On 22 March, MEPs Peter Van Dalen and Carlo Fidanza made public their 45-page report “The EU and Freedom of Religion or Belief 2017-2021” at the European Parliament in Brussels.
Willy Fautré, director of Human Rights Without Frontiers, was invited as a guest speaker to share his views about the situation in Asia.
“First of all, I would like to very warmly congratulate the Intergroup on Freedom of Religion or Belief of the European Parliament and the authors of this extremely well-documented report which highlights the accelerated decline of religious freedom in a number of countries.
I have been asked to share my views on this issue in Asia, a huge continent. One thing is very disturbing in the report. Among the 11 countries selected by the Intergroup for the deterioration level of religious freedom, 8 are from Asia: Afghanistan, China, India, Iran, Myanmar, Pakistan, Turkey and Vietnam. A couple of them are Communist countries and the others have a dominant religion enjoying the support of the state and public institutions, either Sunni or Shia Islam, Hinduism or Buddhism.
These Asian countries total a population of 3.4 billion people, which represents 42% of the world population.
Religious minorities in such contexts are vulnerable to all sorts of arbitrary restrictions, discrimination, social hostility, violence and killings.
The increasing denial of freedom of religion or belief covers a wide range of issues:
In Pakistan, where the dominant religion is Sunni Islam, Ahmadis are banned as a heretical group. There are also laws criminalizing apostasy and alleged blasphemous behaviours punishable by life imprisonment and even by death.
In our database of religious prisoners, we have documented cases of 16 Ahmadis and 26 Protestants, a number of them being on the death row.
In practice, there are forced conversions of young girls from non-Muslim minorities after they have been kidnapped and forcefully married to Muslim men.
There is also a persistent climate of extreme social hostility and mob violence against Christians and Ahmadis leading to killings.
In India, where Hinduism is the dominant religion, anti-conversion and anti-blasphemy laws similarly breach the right to change religion and restrict various forms of expression about religious issues.
Discriminatory laws inspired by religious nationalism negatively impact the lives of non-Hindu citizens and residents in India, leading to hostility, tensions and mob violence against Muslims and Christians.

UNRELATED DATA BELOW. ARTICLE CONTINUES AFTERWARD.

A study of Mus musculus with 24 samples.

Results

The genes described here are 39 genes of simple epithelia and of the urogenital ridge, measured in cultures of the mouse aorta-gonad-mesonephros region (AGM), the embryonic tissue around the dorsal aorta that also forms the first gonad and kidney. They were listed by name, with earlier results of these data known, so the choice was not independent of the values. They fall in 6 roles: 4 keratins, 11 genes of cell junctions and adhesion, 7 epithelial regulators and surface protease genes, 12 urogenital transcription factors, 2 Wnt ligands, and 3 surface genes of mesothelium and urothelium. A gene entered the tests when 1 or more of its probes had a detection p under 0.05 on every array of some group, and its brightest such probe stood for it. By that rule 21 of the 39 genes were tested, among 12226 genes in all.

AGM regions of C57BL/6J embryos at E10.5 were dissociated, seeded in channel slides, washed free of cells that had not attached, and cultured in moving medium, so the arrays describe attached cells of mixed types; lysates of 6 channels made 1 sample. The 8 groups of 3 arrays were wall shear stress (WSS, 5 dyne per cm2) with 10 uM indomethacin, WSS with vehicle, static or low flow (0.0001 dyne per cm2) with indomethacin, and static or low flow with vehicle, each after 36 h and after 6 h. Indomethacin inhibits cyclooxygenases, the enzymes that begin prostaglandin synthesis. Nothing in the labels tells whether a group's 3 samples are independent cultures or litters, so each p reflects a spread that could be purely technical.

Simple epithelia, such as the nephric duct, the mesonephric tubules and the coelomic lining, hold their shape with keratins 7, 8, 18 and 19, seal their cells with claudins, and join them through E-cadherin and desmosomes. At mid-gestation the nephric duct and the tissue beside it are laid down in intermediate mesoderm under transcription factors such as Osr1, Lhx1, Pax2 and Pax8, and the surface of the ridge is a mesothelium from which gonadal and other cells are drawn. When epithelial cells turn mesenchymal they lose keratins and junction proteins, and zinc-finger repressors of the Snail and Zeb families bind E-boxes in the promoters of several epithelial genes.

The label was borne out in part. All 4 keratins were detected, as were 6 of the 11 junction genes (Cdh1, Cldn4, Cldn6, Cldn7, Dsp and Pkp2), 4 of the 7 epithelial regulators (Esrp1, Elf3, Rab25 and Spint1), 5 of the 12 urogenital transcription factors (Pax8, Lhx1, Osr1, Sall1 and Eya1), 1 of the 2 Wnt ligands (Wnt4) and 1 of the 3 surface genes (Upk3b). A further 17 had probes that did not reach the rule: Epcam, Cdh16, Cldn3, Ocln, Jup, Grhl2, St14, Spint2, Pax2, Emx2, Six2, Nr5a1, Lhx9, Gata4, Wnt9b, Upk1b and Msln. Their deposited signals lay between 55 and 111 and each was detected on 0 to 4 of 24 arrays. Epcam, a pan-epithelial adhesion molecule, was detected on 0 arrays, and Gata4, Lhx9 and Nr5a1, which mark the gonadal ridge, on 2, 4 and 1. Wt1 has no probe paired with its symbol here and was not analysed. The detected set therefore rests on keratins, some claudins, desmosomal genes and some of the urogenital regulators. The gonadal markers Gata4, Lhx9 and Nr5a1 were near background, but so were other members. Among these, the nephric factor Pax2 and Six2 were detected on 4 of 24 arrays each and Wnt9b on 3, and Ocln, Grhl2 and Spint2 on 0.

Laws denying access to foreign funding have forced Amnesty International to close its office in India and have restricted the health and education activities of religious caritative institutions.
In Iran, all laws and regulations are based on Islamic criteria and the Sharia is strictly applied. This results in religious minorities, especially Christians, Baha’i and non-Shi’a Muslim minorities, being persecuted by the government and being subject to unjustified prison sentences. Muslims are prohibited to change or renouncing their religious beliefs and proselytizing or just attempting to convert Muslims is punishable by death. In our database of religious prisoners, we have 51 documented cases of Baha’is, 12 Christians and 7 Sufis.
In Myanmar, there is the extreme and persistent persecution of the predominantly Muslim Rohingya community, resulting in violence and a massive exodus of Rohingyas into neighbouring country Bangladesh, which has been going on since 2016. Last year, the military grabbed power and went on fueling Burmese Buddhist nationalism, which leads to violence and discrimination, especially towards Muslims and to a lesser extent Christians.
In Turkey, increasing religious nationalism is also propagated by the government. Under president Erdoğan,. Erdogan is publicly targeting atheists, Christians and Jews.
This hostility comes in the form of lacking protection and government support for minority religious sites. The famous Hagia Sophia in Istanbul was even converted from an Orthodox Christian church into a mosque. Furthermore, the government is implementing a ban on foreign religious workers, such as Christian evangelists, which is also leading to their expulsion.
In Vietnam, an atheist Communist country, the government is actively persecuting religious minority groups, in particular those which are denied registration imposed by a law since 2018 on the ground of national interest, public order or national unity. This mainly concerns Christians from the Hmong and Montagnard minorities as well as Buddhists from the An Dan Dai Dao and the Hoa Hoa groups who refuse to declare loyalty to the Communist Party. In our database of religious prisoners, we have documented cases of 26 Buddhists, 8 Protestants and 2 Catholics.
In Afghanistan, even before the shift in power last year, Islamic doctrines were already incorporated into the country’s laws. This resulted in the criminalization of blasphemy and apostasy with the possibility of the death penalty as a result. The situation has become ever more concerning since the Taliban reclaimed power after the allied forces left the country in the summer of 2021.
Last but not least
In China, the government is becoming more and more authoritarian in all its policies, enforcing a so-called sinicization of society, in which religion is seen as a threat to the official atheist ideology.
Under the guise of sinicization, Xi Jinping has banned a number of so-called undesirable religious groups and reinforced the full control of the Chinese Communist Party over all sectors of society, including all religious groups.
One or two million Uyghur Muslims have been and are allegedly politically reeducated in detention camps. All religious groups have people in prison, especially those that are banned like Falun Gong.”